C’mon Over for an Outdoor Play Date
Pat Rumbaugh, aka The Play Lady lives in Takoma Park, Maryland. Where she started a Play Club in 2009, since that time she had organized and led over 60 fun free play events in her community. For thirty years Pat was an educator and coach (1981-2011). Seeing the decline in unstructured play like the kind most adults grew up with sparked Pat to research the subject. Pat has a children’s book, Let’s Play at the Playground, became the co-founder of the nonprofitwww.Letsplayamerica.org, gave two TEDxTalks on play and was named the Grand Marshall of Takoma Park’s July 4 Parade in 2014. Pat speaks all over the country about the importance of play. She dreams of having Play Clubs in every school in America and interns in every community planning play events. Pat says, “Everyone deserves to play!”
A play date can be with a family member at home, in your back yard or it can be virtual with friends and extended family members. It is all up to you, your child, and your family. First, ask these questions:
- Who would my child enjoy playing with?
- Where would they play?
- What time of day would be best to schedule the play date?
- Most importantly what would be fun to play?
Parents have been juggling work, helping kids with schoolwork online and managing the family chores and dinner. There has not been much extra time to play. Now that school is finished and camp may not be an option, why not find time to play together outside? Summertime is a great time to get outside and play. Until we can get together again, let’s create new ways to play at home.
Play can improve physical health, mental health, and one's sense of wellbeing, as well as bring together neighborhood friends and family members. Let’s plan play dates where people of all ages can safely enjoy play as a regular part of their lives.
Families with young children may want to select a time during the weekend or a half hour everyday as family playtime. You can take turns choosing what to play and as we begin to re-open not only businesses but our homes, to reduce risk, everyone’s #1 piece of advice is that if there is going to be socializing, keep it outdoors as much as possible.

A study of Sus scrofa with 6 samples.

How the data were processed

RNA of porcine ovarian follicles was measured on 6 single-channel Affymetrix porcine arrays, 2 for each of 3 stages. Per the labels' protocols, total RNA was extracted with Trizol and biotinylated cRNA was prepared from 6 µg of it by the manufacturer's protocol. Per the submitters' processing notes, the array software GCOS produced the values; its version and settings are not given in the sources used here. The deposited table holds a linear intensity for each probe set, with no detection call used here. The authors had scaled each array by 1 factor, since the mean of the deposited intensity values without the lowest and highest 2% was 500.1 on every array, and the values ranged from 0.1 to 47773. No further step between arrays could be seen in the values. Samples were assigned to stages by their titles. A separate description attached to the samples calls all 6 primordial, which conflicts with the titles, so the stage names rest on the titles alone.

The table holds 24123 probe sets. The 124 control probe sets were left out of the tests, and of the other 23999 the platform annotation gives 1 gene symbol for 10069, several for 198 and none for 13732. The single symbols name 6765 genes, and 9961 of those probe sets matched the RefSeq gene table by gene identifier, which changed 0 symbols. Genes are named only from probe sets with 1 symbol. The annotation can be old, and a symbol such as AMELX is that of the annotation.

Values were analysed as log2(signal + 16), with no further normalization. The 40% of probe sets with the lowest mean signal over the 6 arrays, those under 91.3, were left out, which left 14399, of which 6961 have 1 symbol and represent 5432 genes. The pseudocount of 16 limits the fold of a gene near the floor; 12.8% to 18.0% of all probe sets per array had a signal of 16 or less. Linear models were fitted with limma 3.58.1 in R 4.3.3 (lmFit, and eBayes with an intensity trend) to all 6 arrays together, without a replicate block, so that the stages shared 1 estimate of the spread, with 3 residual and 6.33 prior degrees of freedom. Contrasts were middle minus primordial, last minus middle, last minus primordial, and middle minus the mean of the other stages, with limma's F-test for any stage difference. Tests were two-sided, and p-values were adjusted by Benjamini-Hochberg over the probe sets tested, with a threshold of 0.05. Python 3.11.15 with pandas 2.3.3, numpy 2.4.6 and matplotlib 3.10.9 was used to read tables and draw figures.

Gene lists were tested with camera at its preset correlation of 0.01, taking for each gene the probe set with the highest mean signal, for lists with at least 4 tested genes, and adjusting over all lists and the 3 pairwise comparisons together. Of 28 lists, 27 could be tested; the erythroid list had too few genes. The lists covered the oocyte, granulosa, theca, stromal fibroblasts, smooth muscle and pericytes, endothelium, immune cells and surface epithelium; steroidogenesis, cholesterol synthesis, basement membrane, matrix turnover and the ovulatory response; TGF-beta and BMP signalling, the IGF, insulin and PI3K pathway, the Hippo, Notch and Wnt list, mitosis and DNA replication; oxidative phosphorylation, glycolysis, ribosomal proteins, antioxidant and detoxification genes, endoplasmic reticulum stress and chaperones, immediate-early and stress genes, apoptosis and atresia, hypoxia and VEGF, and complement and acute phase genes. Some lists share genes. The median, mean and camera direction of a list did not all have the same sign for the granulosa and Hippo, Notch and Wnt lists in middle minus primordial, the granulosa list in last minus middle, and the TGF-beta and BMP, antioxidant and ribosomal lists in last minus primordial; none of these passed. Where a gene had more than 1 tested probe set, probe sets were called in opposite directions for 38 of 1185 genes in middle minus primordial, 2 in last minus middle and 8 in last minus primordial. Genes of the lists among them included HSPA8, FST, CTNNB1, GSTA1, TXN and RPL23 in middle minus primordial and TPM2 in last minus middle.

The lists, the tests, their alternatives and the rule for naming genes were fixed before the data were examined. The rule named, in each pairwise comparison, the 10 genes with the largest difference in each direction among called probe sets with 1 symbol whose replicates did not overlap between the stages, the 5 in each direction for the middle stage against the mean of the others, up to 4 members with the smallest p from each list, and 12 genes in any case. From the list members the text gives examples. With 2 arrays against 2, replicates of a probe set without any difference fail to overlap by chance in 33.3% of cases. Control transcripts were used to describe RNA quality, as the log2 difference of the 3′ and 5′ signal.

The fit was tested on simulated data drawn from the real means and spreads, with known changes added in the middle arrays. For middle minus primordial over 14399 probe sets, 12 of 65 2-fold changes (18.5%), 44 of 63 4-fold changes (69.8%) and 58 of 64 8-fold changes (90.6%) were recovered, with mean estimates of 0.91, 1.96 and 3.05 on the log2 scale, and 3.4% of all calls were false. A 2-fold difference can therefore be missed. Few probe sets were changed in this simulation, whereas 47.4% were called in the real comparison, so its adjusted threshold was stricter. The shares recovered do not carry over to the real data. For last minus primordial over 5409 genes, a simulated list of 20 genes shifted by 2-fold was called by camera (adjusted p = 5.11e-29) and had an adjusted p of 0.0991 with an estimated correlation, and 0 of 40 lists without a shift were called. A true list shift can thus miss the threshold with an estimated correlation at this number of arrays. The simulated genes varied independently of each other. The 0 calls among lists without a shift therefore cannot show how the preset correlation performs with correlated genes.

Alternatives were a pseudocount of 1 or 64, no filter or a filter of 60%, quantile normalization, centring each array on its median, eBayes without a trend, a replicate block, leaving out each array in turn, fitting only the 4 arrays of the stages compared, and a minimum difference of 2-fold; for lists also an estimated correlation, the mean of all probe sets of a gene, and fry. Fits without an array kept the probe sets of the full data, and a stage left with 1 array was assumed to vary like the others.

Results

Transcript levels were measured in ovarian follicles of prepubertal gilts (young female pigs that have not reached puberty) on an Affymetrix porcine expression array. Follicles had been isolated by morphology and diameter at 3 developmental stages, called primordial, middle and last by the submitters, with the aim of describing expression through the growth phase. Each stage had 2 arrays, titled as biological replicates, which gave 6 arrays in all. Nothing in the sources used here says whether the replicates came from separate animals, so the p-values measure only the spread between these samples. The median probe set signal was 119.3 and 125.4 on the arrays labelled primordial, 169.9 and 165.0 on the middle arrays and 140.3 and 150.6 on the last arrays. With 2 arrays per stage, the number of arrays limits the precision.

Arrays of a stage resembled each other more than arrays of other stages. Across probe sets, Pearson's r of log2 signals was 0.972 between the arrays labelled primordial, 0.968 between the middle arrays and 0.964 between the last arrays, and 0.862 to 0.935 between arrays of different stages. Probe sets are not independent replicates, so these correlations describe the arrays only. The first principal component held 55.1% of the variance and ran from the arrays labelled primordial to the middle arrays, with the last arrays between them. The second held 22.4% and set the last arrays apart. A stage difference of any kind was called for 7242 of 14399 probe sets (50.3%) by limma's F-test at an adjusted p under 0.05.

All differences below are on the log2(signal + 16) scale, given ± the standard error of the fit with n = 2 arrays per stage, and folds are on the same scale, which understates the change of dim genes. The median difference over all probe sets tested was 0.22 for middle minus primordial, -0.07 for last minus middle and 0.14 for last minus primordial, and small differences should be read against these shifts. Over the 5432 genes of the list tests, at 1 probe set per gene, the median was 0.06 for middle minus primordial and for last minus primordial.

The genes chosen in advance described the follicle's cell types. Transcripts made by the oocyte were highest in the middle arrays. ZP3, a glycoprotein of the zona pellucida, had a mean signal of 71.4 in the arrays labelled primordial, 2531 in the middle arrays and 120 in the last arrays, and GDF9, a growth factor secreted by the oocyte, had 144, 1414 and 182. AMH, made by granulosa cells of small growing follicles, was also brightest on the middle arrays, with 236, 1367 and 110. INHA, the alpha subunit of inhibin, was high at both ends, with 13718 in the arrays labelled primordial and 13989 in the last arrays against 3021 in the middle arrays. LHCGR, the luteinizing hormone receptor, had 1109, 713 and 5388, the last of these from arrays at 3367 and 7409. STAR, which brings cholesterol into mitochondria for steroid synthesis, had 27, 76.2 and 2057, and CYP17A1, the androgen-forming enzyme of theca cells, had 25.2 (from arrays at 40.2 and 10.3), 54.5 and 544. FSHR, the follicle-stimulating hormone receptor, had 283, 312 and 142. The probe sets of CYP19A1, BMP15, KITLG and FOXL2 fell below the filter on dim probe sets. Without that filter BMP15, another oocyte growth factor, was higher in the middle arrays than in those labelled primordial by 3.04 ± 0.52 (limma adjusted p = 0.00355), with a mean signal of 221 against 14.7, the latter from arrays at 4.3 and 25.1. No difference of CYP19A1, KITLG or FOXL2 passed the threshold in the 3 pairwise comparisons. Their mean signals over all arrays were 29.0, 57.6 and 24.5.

Good Dog Badminton
Start with outdoor games and activities your family already has. Dig out the badminton set and set it up for round or two of family badminton. For an additional twist that can be played with less players, try “Good Dog Badminton.” The object is to see how many times you can hit the birdie up and down by yourself (or back and forth with two players) without letting it drop.
The Balloon Game
This may take a lot of hot air on your part, but children aged from one and a half and up will love this game. Blow up at least two-dozen balloons. Try to put all the balloons in a fenced off area so that they can’t “escape”. Let the children try to catch the balloons and put them in a large bucket or container. They’ll kick them and toss them in the air. The joy and laughter are so contagious that many young children will want to stay in the balloon play until all the balloons are popped. (Be careful though, never leave young children alone with the balloon.)
Bake a Mud Pie
If your family has been going on hikes and walks you can begin collecting leaves, sticks and other debris that can be used to decorate a mud pie. Playing in the dirt with your hands uses your tactile sense and gives us a chance to be creative and imaginative. Do you have some tin pie pans or plastic containers you can use to make your pie? A large bowl, a bucket, or a washtub for mixing the dirt works great. Another thought is making your mud pie near a stream. Once the pies are decorated take a picture with your phones and toss the mud pie back in the water.
Turn Inside Outside
Have you been wanting to play a board game with your family and haven’t made the time for it? Well now is your chance. Set up the picnic table in the backyard or lay out a blanket on the grass and bring the board game outside. Mimic what you would do indoors and bring out some snacks to enjoy while you’re playing! Coloring, playing dress-up, and puppet shows are fun inside activities that can easily be moved outdoors.
We’re all missing time with friends and even extended family members. Ask your children if there is an activity they would like to play with grandma and grandpa. Maybe your daughter wants to learn how to play chess and her grandpa plays chess. Your son has been learning how to cook some meals and wants to learn how grandma makes her homemade apple pie. Help your child set-up a virtual play date through Zoom, Face Time, or another communications app so that your children can have play dates at a distance with those special people outside their home. Don’t forget about aunts, uncles, cousins, and friends you haven’t seen in a while. Setting up a play date with them can be something to look forward to, a new learning experience and a great way to spend time with a relative or friend.